It meanders 186 miles along spectacular beaches, hidden coves, cliff tops and through ancient monuments. And now the Pembrokeshire Coast Path has been named one of the greatest hiking trails in the world.
The West Wales gem, which celebrated its 40th anniversary last year, ranks in the top 10 list alongside Peru’s Inca Trail to Machu Picchu, the 2,150-mile Appalachian Trail and the 19,336ft climb up Africa’s highest peak Mount Kilimanjaro.
Charles Mathieson, head of recreation and tourism at Pembrokeshire Coast National Park, believes such recognition is not only testament to its natural beauty, which is why it was given National Park status in the first place, but also of the way in which it’s looked after.
“The Pembrokeshire Coast Path National Trail is one of the key foundations of tourism in Pembrokeshire and makes a significant contribution to the county’s economy, generating over £14m each year,” he added.
“We know that the path attracts nearly a million user days each year, providing a fantastic resource for local residents, and attracting walkers from around the world.
“Last year the path celebrated its 40th anniversary and it’s wonderful that this fabulous resource continues to be recognised and is still valued more than 40 years on.”
In its published list, online travel adviser Cheapflights describes the Pembrokeshire Coast Path as a walk “weaving in and out of sandy beaches, lily ponds and fishing villages”.
“Along the path, travellers can witness incredible historical sites such as 2,000-year-old forts, burial grounds from 400AD and a medieval castle, or two.
“And the Pembrokeshire Coast Path is no stranger to wildlife; grey seals, puffins, foxes and hundreds of other species can all be spotted along the way.”
Fran Vickery regularly travels from her home in Bristol to work as a volunteer warden and Coast Path walk leader in Pembrokeshire.
She said: “I first came here in the 1970s and first completed the whole 186-mile walk in 2004, but whenever I have been here my reaction has been the same, ‘Wow’.
“I’ve completed the whole walk seven times – it takes two weeks starting from Amroth on the Pembrokeshire-Carmarthenshire border and winding its way up to Poppit Sands, near Cardigan.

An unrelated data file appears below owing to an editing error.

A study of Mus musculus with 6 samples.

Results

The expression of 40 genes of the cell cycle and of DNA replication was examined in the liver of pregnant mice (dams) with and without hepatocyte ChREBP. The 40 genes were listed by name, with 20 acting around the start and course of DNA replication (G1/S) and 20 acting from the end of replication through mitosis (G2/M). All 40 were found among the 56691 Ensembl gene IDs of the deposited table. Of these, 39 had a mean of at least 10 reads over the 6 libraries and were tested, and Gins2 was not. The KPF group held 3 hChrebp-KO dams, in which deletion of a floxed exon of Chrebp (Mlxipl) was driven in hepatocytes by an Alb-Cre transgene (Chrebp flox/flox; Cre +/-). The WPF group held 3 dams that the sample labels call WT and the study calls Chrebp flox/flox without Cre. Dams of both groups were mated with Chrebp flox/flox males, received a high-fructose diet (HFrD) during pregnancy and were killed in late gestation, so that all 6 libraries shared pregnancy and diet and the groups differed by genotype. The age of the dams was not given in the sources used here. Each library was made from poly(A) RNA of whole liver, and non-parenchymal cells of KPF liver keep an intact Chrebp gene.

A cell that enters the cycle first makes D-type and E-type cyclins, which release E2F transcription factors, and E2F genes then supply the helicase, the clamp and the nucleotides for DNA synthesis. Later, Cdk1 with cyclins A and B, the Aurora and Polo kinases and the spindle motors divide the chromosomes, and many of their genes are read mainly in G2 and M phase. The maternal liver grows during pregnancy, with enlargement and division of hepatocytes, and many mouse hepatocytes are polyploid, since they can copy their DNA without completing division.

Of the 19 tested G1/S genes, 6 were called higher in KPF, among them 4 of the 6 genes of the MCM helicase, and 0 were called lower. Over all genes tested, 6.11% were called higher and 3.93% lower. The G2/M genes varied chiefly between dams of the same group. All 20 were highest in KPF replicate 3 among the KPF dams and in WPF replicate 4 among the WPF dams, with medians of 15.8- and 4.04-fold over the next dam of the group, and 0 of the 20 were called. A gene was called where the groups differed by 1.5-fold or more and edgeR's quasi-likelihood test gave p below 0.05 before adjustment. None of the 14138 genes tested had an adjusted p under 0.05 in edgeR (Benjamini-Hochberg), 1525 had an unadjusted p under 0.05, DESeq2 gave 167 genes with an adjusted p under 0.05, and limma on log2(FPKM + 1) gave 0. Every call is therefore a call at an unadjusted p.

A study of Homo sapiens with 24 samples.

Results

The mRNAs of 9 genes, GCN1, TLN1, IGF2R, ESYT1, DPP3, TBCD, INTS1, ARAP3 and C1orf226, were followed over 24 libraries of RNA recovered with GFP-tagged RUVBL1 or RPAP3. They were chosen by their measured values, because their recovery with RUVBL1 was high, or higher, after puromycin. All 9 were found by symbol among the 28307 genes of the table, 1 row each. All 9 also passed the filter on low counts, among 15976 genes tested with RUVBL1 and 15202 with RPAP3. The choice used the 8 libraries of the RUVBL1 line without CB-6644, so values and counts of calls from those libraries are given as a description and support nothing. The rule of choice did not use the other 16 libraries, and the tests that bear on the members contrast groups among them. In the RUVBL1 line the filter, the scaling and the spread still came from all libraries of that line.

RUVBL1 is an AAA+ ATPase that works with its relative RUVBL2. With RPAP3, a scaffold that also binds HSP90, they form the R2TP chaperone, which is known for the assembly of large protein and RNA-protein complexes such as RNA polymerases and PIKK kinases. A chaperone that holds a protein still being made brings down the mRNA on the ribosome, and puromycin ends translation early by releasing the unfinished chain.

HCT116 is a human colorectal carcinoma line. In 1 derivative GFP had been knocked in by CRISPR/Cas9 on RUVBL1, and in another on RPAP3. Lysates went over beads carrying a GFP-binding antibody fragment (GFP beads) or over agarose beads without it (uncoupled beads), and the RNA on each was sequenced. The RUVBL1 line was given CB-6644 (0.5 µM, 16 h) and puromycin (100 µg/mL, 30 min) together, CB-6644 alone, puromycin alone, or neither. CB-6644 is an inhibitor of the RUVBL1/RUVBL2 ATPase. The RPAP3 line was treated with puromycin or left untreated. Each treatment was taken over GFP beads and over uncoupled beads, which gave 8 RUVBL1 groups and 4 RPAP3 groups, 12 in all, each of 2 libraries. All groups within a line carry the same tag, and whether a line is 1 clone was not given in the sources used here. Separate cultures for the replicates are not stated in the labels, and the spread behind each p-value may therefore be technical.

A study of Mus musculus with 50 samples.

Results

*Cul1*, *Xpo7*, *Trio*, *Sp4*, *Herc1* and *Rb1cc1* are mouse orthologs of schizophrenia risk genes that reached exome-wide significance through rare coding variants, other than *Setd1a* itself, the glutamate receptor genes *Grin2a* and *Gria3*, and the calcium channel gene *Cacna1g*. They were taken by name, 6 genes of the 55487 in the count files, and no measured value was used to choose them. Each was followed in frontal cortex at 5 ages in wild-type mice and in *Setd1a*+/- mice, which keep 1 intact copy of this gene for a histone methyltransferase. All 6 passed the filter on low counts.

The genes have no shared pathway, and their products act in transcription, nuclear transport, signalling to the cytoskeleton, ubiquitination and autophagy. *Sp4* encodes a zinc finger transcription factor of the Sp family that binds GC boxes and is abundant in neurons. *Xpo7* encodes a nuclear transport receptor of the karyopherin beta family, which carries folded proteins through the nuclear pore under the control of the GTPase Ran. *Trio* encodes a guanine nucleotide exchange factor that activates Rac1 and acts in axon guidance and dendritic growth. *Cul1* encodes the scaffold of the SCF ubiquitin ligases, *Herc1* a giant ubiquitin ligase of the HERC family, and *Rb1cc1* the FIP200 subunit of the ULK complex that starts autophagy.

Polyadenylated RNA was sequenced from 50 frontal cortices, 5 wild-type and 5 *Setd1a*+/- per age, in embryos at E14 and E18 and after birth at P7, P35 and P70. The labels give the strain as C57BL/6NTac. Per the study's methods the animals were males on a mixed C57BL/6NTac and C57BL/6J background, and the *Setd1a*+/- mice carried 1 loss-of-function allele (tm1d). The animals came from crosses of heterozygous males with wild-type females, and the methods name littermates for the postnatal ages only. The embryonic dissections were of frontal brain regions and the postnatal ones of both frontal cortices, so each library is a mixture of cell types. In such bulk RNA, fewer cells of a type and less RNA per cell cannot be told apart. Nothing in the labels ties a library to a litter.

“People ask me why I keep doing it and I tell them it’s because I haven’t seen it all yet. Every time is different, there is different wildlife to see, different flowers, depending what time of year it is, the landscape is totally different.”
“Funnily enough, one year we decided to walk north to south instead of the other way around, which is a bit more hilly, and one of the people with us who had recently been to Africa said it was much tougher than climbing Kilimanjaro.”
Pembrokeshire’s latest accolade follows a similar honour last year when the county’s beaches were named among the best coastal destinations on the planet.
The area came in joint second behind the Avalon Peninsula in Newfoundland, Canada, tying with New Zealand’s Tutukaka Coast in a list compiled by National Geographic.
Claire Carlile is marketing manager for Preseli Venture, an eco-lodge on the edge of the coastal path which offers hiking, kayaking and coasteering.
She said: “The scenery always blows people’s minds and we are just so fortunate to have this natural resource which we have turned into a small business which promotes the natural landscape in a sustainable way.
“The thing that strikes me is always the variety. In the seven- mile stretch of path that we use you’ve got sea caves and sandy beaches, you’ve got tiny fishing harbours and little bays with seal pups.”